Hundreds of people gather outside the international airport in Kabul, Afghanistan, Tuesday, Aug. 17, 2021. The Taliban declared an “amnesty” across Afghanistan and urged women to join their government Tuesday, seeking to convince a wary population that they have changed a day after deadly chaos gripped the main airport as desperate crowds tried to flee the country. (AP Photo)

After the U.S. military pulled out and the Taliban took over Afghanistan, tens of thousands of refugees are fleeing the country to find new homes in cities across the world, including St. Louis.

Officials told local media outlets more than 1,000 Afghans could eventually arrive in the St. Louis area. The first of those refugees arrived Friday at St. Louis Lambert International Airport. Many of these refugees assisted U.S. forces in the war, and others qualified under the Special Immigrant Visa program.

“They worked alongside our troops to help keep them safe,” St. Louis Mayor Tishaura Jones told St. Louis Public Radio. “This is a debt we should repay to them.”

The International Institute of St. Louis is managing the resettlement of these refugees in the metro area, finding them initial housing, helping secure jobs and providing training and professional development. For example, the organization plans to offer classes teaching English as a second language and resume-building workshops.

“We’re really keen on providing adjustment services for new arrivals,” said Carrie Brickey Brown, senior community relations specialist for the institute. “We’re looking to enable and give the tools and skills that new arrivals or foreign-borns in general would need to be successful in the St. Louis area.”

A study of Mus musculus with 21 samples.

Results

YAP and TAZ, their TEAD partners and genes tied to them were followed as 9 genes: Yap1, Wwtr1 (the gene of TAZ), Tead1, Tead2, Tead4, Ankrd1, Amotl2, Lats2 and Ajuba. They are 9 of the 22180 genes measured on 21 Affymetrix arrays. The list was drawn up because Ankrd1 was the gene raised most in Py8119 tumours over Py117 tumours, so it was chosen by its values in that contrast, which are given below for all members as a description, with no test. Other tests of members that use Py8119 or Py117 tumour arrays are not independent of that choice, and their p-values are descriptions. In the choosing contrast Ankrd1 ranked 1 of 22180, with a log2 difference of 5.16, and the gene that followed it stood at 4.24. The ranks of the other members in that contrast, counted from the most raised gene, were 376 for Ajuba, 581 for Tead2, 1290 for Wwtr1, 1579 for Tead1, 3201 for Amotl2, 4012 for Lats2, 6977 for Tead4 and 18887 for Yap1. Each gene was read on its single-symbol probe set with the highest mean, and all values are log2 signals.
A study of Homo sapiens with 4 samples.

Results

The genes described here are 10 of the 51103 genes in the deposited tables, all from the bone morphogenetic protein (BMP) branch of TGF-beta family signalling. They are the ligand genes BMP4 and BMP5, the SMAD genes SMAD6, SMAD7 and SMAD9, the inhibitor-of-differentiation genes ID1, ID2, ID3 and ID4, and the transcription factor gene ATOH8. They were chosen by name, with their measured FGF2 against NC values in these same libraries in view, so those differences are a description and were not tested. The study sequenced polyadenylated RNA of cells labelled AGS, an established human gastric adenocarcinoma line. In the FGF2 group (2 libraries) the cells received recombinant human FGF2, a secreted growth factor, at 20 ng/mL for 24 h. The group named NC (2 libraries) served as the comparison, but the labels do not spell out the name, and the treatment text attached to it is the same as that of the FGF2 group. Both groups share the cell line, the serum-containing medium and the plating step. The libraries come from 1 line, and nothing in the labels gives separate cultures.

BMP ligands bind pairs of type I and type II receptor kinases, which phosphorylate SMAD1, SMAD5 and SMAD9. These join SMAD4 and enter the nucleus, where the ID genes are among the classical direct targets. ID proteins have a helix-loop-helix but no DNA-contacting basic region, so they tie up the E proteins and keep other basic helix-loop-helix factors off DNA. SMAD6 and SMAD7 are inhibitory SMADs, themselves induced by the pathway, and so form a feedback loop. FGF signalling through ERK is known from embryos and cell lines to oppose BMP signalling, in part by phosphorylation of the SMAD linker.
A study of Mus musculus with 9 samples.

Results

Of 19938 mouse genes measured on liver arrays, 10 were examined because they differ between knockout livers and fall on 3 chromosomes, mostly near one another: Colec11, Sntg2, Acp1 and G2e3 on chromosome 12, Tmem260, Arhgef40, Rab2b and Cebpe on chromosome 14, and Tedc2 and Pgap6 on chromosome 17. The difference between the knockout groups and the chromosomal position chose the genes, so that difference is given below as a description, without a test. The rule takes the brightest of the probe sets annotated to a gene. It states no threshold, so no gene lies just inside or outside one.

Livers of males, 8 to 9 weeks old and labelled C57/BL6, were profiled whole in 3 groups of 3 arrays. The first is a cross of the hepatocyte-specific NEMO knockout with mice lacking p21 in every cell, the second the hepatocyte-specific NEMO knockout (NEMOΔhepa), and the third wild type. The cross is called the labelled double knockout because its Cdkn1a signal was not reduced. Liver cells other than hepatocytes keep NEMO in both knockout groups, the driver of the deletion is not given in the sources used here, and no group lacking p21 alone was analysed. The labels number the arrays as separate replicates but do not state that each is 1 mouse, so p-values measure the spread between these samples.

It’s unknown yet whether any of those refugees will settle in Franklin County. Brown said that although none of the refugees are moving to Franklin County for their initial resettlement, many of them may choose to move to the county later.

Brown said oftentimes immigrants choose to reunite with family that came to the country before them. It is possible some of these Afghans have family members living in Franklin County.

Meanwhile, Brown said there are ways people in Franklin County can help these new arrivals. First and foremost, she said, money is always needed as the federal funding the institute receives isn’t enough to cover some of the basic services they must provide.

“There is a funding gap between federal grant dollars that the international institute receives and the dollars that are required for housing needs, groceries and stuff like that,” she said. “So we’re always accepting and looking for financial donations or donations of grocery store gift cards.”

She said stores like Aldi or Schnucks are good places to buy gift cards for the immigrants. Besides that, Brown said donations of cleaning supplies, laundry detergent and new bedding is always helpful. A full list of items they accept and information on how to donate those items is available at, and monetary donations can be made at

For those who want to volunteer their free time, Brown said there weren’t any opportunities for that yet, but she anticipates the institute needing volunteer help as the resettlement efforts progress. “We don’t have a direct pressing need right this second,” she said. “But it’s not a matter of if; it’s a matter of when. So we’re looking to engage people who want to volunteer.”

Brown said some of those volunteer opportunities may be virtual.

Brown said studies have shown foreign-born residents are more likely to start their own businesses than those born here. She said many of these Afghans served alongside U.S. forces in Afghanistan.

“Whether they’re from Afghanistan, the Democratic Republic of Congo, Iraq or wherever, we’re welcoming and wanting these new people to come,” she said.